The latest USC Annenberg Inclusion Initiative study breaks down inequity in entertainment, while the institution is introducing a solution in the form of a scholarship for female student-filmmakers of color.

THE POWER OF THE DOG (L to R): ARI WEGNER (DIRECTOR OF PHOTOGRAPHY), JANE CAMPION (DIRECTOR,PRODUCER) in THE POWER OF THE DOG. Cr. KIRSTY GRIFFIN/NETFLIX © 2021

DP Ari Wegner and Jane Campion filming “The Power of the Dog”

KIRSTY GRIFFIN/NETFLIX

The industry is continuing to make gains when it comes to hiring women directors and directors of color, but Hollywood is still a long way off from parity. While last year saw a 15-year high in the share of films directed by people from underrepresented ethnic groups, nearly all of that increase came from male filmmakers. In fact, fewer than 2 percent of all top-grossing directors were women of color in the last decade and a half.

Those are some of the findings from the latest study from the USC Annenberg Inclusion Initiative, which was released Wednesday. Titled “Inclusion in the Director’s Chair: Analysis of Director Gender & Race/Ethnicity Across 1,500 Top Films from 2007 to 2021,” the study reveals that early-pandemic gains in behind-the-scenes equity has continued and that streamers are leading the effort to hire Asian, Black, Latino, and multiracial directors.

The study primarily looked at the highest-grossing theatrically released fictional films from the last 15 years. Among all films from that time period, women directed 5.4 percent. 2020 saw the greatest uptick in female-helmed films, 15 percent, followed by a slight dip to 12.7 percent last year.

Last year, 27.3 percent of the top films were directed by underrepresented filmmakers, compared to 17.5 percent in 2020 and 12.5 percent in 2007. U.S. Census data shows that 39.9 percent of the population belongs to those underrepresented groups.

“This is the first time we feel comfortable putting out the research really understanding the box office and hiring practices in light of the pandemic,” Dr. Stacy L. Smith, the study’s lead author and founder of the Inclusion Initiative, said in an interview. “We have sustained change for women directors, with a high in 2020 and a dip in 2021, we are solidly now in the double digits for the first time since we’ve been doing this study. That is a function of the 4 Percent Challenge and major advocacy work. We’re far off from equality, but this is a great step.”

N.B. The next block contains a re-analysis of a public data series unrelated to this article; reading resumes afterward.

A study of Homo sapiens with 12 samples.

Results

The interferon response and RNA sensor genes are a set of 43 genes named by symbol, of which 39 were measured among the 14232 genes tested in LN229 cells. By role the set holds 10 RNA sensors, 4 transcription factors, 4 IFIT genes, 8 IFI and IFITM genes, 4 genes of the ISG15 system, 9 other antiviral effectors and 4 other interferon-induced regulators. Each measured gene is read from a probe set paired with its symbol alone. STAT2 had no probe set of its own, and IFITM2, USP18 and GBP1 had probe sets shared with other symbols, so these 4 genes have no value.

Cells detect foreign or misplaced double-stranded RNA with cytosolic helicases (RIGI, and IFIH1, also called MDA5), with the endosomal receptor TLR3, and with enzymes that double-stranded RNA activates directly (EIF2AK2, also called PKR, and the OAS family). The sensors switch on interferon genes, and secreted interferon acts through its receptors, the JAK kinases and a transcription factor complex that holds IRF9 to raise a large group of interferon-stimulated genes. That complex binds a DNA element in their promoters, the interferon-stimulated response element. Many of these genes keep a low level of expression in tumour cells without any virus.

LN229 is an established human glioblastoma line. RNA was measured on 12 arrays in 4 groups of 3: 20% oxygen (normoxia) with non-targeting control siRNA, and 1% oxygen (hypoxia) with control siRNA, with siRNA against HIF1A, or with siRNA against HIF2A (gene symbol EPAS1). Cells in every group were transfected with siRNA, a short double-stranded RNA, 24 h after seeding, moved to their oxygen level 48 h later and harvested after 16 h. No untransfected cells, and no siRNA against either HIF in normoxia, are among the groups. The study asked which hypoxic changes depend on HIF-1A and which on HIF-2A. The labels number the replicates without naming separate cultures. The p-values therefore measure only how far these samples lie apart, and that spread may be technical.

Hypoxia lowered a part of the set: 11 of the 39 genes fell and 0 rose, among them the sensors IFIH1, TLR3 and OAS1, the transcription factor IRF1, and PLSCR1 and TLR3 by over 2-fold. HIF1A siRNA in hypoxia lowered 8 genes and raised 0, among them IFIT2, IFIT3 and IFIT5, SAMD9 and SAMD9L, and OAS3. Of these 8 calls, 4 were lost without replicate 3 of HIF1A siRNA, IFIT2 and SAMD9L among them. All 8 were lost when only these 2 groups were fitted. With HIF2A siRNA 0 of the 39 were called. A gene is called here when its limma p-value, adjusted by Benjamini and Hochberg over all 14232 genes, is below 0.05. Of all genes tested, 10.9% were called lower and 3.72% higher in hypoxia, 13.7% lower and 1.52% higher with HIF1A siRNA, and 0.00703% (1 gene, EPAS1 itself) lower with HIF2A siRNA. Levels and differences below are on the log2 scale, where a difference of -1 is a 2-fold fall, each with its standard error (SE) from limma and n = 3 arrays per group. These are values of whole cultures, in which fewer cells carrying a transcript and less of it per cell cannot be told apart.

And yet, among those underrepresented directors, the vast majority are men. Last year, women of color directed just three of the top-grossing films: Chloe Zhao (“Eternals”), Liesl Tommy (“Respect”), and Nia Costa (“Candyman”). And only 18 women of color were attached to the top films from 2007 to 2021, representing just 1.2 percent of those top directing jobs, despite the fact that women of color make up 20 percent of the U.S. population.

Universal was most likely to hire a woman of color, it distributed 27.8 percent of those 18 films. Lionsgate and STX have not worked with a woman of color director on a top-grossing film from that time frame, according to the study. The data suggests this has nothing to do with the aptitude of female directors of color. Their films have significantly higher median Metacritic scores (62.2) compared to white men (54.2), according to the study.

Chloé Zhao directs “Eternals”

While theatrical studio tentpoles have offered few directing opportunities for underrepresented women, the picture is brighter among streamers, both for women and women of color. The study looked at the original film slates from major streamers over the last two years and found that women of color were much more likely to be hired as directors there compared to on a top-grossing theatrical film.

Amazon Prime led the pack, 15 percent of its films were directed by women of color. That’s compared to the top-grossing theatrical films of the last two years, of which women of color directed 5.3 percent. At Disney+, it was 9.7 percent, 5.3 percent at Netflix, and 4.9 percent at Universal.

Female filmmakers in general fare better at streamers, too, and those outfits are far more likely to hire a female director than the studios. Amazon Prime again leads when it comes to hiring female directors, as 37.5 percent of its original films during the studied period were directed by women. (Disney followed with 29 percent, HBO Max with 19.5 percent, and Netflix with 18.1 percent).

“The legacy studios have a real problem on their hands,” Smith said. “The one group that we don’t see any movement in with the legacy studios is women of color directing these large-scale movies … the streamers understand who their consumers are, they’re creating and distributing content for a very different world than the legacy studios are operating in. They either need to get on board — the world has changed — or their relevancy will continue to flail and diminish rapidly.”

Smith said the Inclusion Initiative wanted to be part of the solution. On Wednesday, the initiative launched its AI² Accelerator, a $25,000 scholarship that will be awarded to a woman of color in film school to use toward her student film. It’s aimed toward aspiring filmmakers who want to work on large narrative films, such as those driven by VFX and IP.

The recipient will meet with an all-star roster of advisers throughout her senior year, including Universal chairman Donna Langley, Marvel Studios President Kevin Feige, Halle Berry, and many more leaders in the publicity, management, production, and creative sectors of the industry.

“We’re hopeful that companies and philanthropists will match this scholarship and we’ll be able to exponentially give resources not only this year, but in the years to come, in order to flood the talent pipelines with women of color,” Smith said.

The study is the latest from the Annenberg Inclusion Initiative, which produces an updated report annually, and can be found here.